Sarah Glover was born in Norwich in 1786 in The Close, a serene place of genteel houses which flanks the Cathedral, and where by the age of six, she was already receiving music lessons from the organist.

In 1811, her father was appointed Curate of St. Lawrence, a large and beautiful mediaeval church in St. Benedict’s Street. Here, 15 year-old Sarah and her sister Christiana, both accomplished pianists, led the unaccompanied singing.

 

 

 

 

 

 

 

 

 

 

 

 

 

By 1827, Sarah had worked out her system of musical notation, in which Do is always the first note of the scale, Re the second, Mi the third and so on. This was called the 'Norwich Sol-fa' which she used with great success in the school she opened for poor girls in Black Boy Yard in Colgate.

Her popular teaching scheme, which enabled people to sight-read music without understanding the complexities of  'black notes' and staves, was printed at the nearby works of Jarrold and Son, and went through four editions.

 

In 1841, the system came to the notice of the Reverend John Curwen, who though highly respected as an educator, was struggling to find a means of teaching music in Sunday School as  requested by the Sunday School Union. Having confessed to being ‘completely without musical skill',  the gift from a friend and helper of a copy of Sarah Glover’s ‘Scheme for Rendering Psalmody Congregational', with its directions for instructing a school, helped considerably to ease his struggles.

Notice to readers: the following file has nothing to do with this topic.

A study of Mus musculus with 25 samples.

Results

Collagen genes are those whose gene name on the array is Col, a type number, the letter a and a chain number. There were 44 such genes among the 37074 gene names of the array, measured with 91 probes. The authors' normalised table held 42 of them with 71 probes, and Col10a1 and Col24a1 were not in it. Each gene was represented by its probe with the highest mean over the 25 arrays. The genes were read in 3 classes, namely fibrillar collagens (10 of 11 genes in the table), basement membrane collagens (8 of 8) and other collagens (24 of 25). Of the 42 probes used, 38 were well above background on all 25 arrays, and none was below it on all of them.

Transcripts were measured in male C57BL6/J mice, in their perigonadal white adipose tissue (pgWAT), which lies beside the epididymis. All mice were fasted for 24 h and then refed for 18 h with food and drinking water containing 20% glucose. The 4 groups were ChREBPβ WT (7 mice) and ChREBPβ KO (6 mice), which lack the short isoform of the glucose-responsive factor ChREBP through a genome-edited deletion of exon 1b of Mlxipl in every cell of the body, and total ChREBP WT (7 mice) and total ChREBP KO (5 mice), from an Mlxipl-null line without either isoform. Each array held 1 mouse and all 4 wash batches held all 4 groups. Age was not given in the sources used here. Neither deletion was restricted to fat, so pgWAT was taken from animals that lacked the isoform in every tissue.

Much against the wishes of Sarah Glover, Curwen made some alterations which further popularised her method. His up-dated version of Tonic Sol-fa gained wide recognition by way of his travels and lectures, and to her chagrin, largely eclipsed the work of herself as originator.

The 1959 musical and 1965 film, The Sound of Music, with Julie Andrews singing the Do - Re - Mi Song by Rodgers and Hammerstein, illustrates very well the easy nature of Sarah Glover's musical method, used to teach solfege - aural skills, pitch and sight-reading of Western music*.

 

Sarah moved away from Norwich in later life - first to Cromer, then Reading, then Hereford. She died in 1867 whilst staying with friends in Great Malvern, where she is buried. There is a plaque to her in St. Lawrence, St. Benedict's Street, Norwich.

                      Granny Bonnet

*Major or a minor scales (the most common in Western classical music) have seven notes, and so the solfege system has seven basic syllables: do, re, mi, fa, so, la, and ti. In other octaves – for example, an octave above or below – the solfege syllables stay the same.

 

 Sarah also invented the harmonicon, an instrument designed to help her teach her Sol-fa system. Four of these are held by the Norfolk Museums Service.